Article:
Cordilleran Section - 113th Annual Meeting - 2017

Paper No. 36-7
Presentation Time: 4:05 PM


SCHERMERHORN, William D.1, RITZINGER, Brent2, ANDERSON, Megan3, WITTER, Jeffrey B.4, GLEN, Jonathan2, FORSON, Corina5, STELLING, Pete6 and FOURNIER, Dominique7, (1)Geology Department, Western Washington University, 516 High St, Bellingham, WA 98225, (2)U.S. Geological Survey, MS989, 345 Middlefield Road, Menlo Park, CA 94025, (3)Geology Department, Colorado College, 14 E. Cache La Poudre St, Colorado Springs, CO 80903, (4)Innovate Geothermal Ltd., #104 - 445 West 2nd Avenue, Vancouver, BC V5Y 0E8, Canada, (5)Washington Geological Survey, 1111 Washington St. SE, MS 47007, Olympia, WA 98504, (6)Western Washington University, 516 High St, Bellingham, WA 98225, (7)University of British Columbia, Vancouver, BC V6T 1Z4, Canada,

Mount Baker has been identified as a primary target for geothermal exploration in the State of Washington, USA, through play fairway analysis. The Mount Baker play is on the lower eastern flank of the active volcano and hosts surface thermal features as well as 48 oC bottom-hole well temperature at 140 m. Additionally, the area has existing geothermal leases, paved and gravel road access, and is proximal to existing transmission lines at the Baker Lake Dam, increasing the geothermal favorability of the area.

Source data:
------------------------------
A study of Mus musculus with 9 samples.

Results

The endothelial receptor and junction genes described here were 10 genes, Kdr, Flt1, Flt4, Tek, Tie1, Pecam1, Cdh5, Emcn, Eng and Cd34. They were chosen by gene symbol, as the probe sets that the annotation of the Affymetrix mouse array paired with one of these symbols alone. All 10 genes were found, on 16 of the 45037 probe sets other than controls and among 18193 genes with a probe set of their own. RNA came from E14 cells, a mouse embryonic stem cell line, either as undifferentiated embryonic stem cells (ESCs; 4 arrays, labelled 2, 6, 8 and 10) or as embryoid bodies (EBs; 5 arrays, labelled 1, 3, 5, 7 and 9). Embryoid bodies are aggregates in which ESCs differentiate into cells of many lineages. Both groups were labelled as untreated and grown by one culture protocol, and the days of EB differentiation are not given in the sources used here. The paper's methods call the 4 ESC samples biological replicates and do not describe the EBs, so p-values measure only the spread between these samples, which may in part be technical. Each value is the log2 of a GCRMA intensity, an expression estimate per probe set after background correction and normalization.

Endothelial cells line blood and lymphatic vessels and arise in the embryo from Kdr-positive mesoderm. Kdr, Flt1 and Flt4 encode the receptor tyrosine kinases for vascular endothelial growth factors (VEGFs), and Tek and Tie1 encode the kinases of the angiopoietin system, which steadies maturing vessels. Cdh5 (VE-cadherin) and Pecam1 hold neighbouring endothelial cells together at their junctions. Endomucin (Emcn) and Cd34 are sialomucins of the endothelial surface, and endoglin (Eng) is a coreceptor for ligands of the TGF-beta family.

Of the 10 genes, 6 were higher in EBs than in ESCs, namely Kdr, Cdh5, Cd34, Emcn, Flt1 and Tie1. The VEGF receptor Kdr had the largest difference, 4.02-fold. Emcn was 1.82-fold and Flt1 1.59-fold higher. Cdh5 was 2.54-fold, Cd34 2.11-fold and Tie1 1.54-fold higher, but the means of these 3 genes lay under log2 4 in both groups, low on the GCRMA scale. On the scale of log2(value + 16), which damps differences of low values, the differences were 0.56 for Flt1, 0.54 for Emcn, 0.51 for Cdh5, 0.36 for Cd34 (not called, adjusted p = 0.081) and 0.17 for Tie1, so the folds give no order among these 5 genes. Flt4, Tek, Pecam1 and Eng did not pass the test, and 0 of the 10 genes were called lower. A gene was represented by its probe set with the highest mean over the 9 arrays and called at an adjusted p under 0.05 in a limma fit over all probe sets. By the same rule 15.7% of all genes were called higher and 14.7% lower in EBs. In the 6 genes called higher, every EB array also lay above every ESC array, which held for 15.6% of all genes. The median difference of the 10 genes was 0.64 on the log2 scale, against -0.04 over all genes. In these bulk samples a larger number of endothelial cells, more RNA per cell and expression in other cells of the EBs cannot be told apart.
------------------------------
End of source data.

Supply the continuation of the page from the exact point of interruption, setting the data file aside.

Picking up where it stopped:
Detailed geologic mapping of the area has been limited due to dense vegetation and steep topography. LiDAR imagery revealed several NE-trending linear features, some of which are coincident with Baker Hot Springs. These features were investigated through dense ground-based gravity and magnetic surveys conducted between July and September 2016. Among other features, the studies revealed a strong magnetic and gravity gradient beneath Baker Hot Springs and extending ~1.7 km to the SSW. This anomaly is coincident with a linear feature observed in LiDAR and near a mapped fault. Near the hot springs, the pronounced linear anomaly intersects a NE-trending, less well-defined linear anomaly, suggesting a possible permeable pathway associated with the intersection of these linear features. We present several 2-D forward models of gravity and magnetic data as well as a 3-D inversion of magnetic susceptibility to interpret the structural controls of the Mount Baker hydrothermal system.